Egyptian activists protest ‘virginity tests’ on female protesters

Dozens protested Wednesday night against military police who had allegedly performed “virginity tests” on female protesters arrested in March.

The protests, which were staged outside a military sports club in Cairo’s Heliopolis neighborhood, came a day following a CNN report that quoted a military source as confirming that the military police had performed the tests as a pre-emptive measure to ensure the female activists did not accuse the army of rape and torture. Earlier, Egyptian military officials denied the claim that the checks had been performed.

“What happened on the 9 March and the reason they did the virginity test is simply unacceptable. Isn’t it supposed to be sexual harassment to perform such tests? We’re here to protect the revolution and reject what happened,” said Islam Abdel Kader, a protestor in front of Galaa Theatre.

Protestors were also angry with the ruling Supreme Council of the Armed Forces (SCAF) for trying civilians in military courts. The council has been criticized for being part of the old regime, and protestors claimed it was working in cahoots with the new “State Security Intelligence.” “1000 people are now in detention camps and have been given a military trail in one night. It's not acceptable to try them only in a day and their parents until now don’t know their whereabouts,” said Sahar Abdel Mohsen another protestor.

However, most protestors opposed SCAF rule. In their opinion, the SCAF is going against the revolution’s demands and is trying to break up the revolutionary coalition. “They are trying to break us (the revolutionary coalition) in order to present us as weak in front of the people. They claim that we have separate demands but our demands are clear and are one and haven’t changed,” said Dareen Khalifa, another protestor.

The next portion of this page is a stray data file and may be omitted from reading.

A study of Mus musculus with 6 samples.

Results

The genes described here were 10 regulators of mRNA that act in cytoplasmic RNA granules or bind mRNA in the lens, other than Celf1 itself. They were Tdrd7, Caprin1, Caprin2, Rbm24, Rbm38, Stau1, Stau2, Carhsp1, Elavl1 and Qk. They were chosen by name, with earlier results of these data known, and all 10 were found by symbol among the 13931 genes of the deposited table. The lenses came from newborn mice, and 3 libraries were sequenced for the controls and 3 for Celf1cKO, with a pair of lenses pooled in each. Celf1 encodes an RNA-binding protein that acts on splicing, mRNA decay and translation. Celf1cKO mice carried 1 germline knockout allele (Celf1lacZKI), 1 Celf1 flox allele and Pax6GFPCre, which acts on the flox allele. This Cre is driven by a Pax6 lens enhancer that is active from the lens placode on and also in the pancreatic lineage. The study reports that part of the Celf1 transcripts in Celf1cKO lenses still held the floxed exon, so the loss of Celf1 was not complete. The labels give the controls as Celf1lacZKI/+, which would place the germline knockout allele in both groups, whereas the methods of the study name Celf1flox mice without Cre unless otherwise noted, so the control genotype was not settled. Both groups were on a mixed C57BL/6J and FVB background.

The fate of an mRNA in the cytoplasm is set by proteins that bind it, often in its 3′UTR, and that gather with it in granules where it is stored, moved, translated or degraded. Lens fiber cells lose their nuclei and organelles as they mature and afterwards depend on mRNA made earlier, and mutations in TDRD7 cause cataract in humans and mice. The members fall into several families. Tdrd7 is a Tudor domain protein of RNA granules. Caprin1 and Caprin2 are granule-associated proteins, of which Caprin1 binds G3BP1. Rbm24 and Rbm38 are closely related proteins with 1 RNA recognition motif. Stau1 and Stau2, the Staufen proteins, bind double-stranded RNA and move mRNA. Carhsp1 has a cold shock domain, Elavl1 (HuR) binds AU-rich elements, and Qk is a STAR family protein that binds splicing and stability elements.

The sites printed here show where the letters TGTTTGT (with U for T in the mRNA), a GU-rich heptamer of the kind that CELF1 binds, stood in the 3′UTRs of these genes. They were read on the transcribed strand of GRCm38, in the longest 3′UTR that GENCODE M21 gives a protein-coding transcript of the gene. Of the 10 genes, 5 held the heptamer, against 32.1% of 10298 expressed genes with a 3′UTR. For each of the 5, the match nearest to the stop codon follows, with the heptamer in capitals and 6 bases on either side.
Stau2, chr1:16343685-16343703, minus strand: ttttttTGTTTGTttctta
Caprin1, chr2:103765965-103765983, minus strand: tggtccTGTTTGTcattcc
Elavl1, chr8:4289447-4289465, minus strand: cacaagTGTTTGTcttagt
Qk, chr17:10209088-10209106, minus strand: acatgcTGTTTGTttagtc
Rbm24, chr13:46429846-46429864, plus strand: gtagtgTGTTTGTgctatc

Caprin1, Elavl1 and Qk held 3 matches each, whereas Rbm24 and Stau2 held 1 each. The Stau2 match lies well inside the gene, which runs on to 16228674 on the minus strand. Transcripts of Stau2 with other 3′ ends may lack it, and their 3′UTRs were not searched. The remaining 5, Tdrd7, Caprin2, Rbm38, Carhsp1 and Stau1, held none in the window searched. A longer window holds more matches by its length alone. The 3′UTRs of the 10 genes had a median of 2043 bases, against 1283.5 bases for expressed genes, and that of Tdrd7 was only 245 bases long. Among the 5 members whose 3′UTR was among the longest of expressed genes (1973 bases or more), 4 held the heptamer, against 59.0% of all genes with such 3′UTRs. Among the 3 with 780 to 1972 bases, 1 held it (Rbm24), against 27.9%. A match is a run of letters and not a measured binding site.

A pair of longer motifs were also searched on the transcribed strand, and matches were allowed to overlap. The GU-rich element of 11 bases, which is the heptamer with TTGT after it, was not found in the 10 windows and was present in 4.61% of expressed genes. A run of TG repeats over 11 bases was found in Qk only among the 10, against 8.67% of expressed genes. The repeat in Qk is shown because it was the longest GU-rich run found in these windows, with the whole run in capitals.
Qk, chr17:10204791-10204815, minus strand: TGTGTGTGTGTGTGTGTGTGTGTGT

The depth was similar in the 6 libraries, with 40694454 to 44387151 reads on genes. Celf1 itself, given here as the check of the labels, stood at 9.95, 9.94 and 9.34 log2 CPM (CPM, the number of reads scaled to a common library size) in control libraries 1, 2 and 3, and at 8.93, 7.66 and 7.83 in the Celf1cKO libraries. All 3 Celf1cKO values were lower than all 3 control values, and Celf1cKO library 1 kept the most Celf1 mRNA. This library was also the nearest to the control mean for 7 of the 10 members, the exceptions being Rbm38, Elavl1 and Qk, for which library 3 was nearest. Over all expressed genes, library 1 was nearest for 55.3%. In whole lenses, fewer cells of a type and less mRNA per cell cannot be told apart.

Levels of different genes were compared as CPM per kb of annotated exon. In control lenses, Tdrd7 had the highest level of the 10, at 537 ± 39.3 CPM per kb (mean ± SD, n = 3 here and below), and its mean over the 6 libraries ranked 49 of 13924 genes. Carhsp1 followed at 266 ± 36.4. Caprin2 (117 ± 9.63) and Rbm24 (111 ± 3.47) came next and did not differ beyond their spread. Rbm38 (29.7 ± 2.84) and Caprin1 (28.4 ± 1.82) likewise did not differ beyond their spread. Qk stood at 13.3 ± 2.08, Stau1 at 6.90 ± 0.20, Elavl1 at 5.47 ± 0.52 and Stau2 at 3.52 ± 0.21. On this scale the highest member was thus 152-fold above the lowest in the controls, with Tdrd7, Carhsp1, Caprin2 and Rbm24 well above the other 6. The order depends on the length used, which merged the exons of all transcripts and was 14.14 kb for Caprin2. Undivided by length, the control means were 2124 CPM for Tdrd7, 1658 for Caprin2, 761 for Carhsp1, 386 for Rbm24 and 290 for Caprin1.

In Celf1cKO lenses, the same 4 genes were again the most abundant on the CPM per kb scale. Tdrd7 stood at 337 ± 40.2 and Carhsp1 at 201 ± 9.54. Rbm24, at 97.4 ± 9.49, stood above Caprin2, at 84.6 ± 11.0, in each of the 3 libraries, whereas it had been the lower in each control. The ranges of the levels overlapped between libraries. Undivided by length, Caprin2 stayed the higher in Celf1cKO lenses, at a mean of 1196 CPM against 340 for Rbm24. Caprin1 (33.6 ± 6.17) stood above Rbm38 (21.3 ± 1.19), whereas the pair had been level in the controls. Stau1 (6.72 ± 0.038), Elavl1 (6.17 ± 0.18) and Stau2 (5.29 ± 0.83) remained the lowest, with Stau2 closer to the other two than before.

“They are also trying to turn the people, ‘the silent majority,’ against us. We can’t let them take away our dignity.”

Protestors were furious with the military council, and some have lost hope that it would lead a transition phase. Protestors were chanting “Hey Marshall, Hey Anan, the legitimacy comes from the Tahrir Square.” Osama al-Hakim, another protestor, said, “They don’t take any actions, we’re fed up and we want the demands of the revolution to be executed.”

Many activists had wanted to attend the event, but they were not allowed in the conference hall as the military police claimed that the space was already full. Angry activists managed to open the door to the hall. The military promised to bring screens outside, but the activists only became more furious.  

“We want to participate, who's inside?” The activists chanted.

Remon Fareed, an activist from the Harket Shabab al-Tagheer (Youth Change Movement) said, “I sent the fax on time, which means I’m one of the attendees; I came one hour early. When I came they didn’t let me in and told me if you have a question, write it on paper. He who can’t organize an event of 100 guests can’t rule a whole country.”

Abdel Hakim Beheiry, another activist from the Etelaf Eza’at al-Thawra (Broadcasting Revolution Coalition), a movement responsible for broadcasting events from Tahrir Square shouted, “This isn’t a serious dialogue; it is only a media stunt they are making. This is complete chaos and they don’t respect us.”

The SCAF has come under severe criticism in the past two weeks for many reasons which include slow reforms, trying civilians in military tribunals and detaining or questioning those that oppose the military. On Friday, demonstrators in the ‘Second Day of Anger’ asked the military expedite reforms and accelerate trials of Mubarak and other corrupt officials. Some demanded the military to step down and a transitional Presidential Council to rule the country until presidential elections. On Tuesday, a protest in front of the military prosecution’s building demanded the release of blogger Hossam al-Hamalawy, TV presenter Reem Maged and journalist Nabil Sharaf al-Din. They were later released the same day.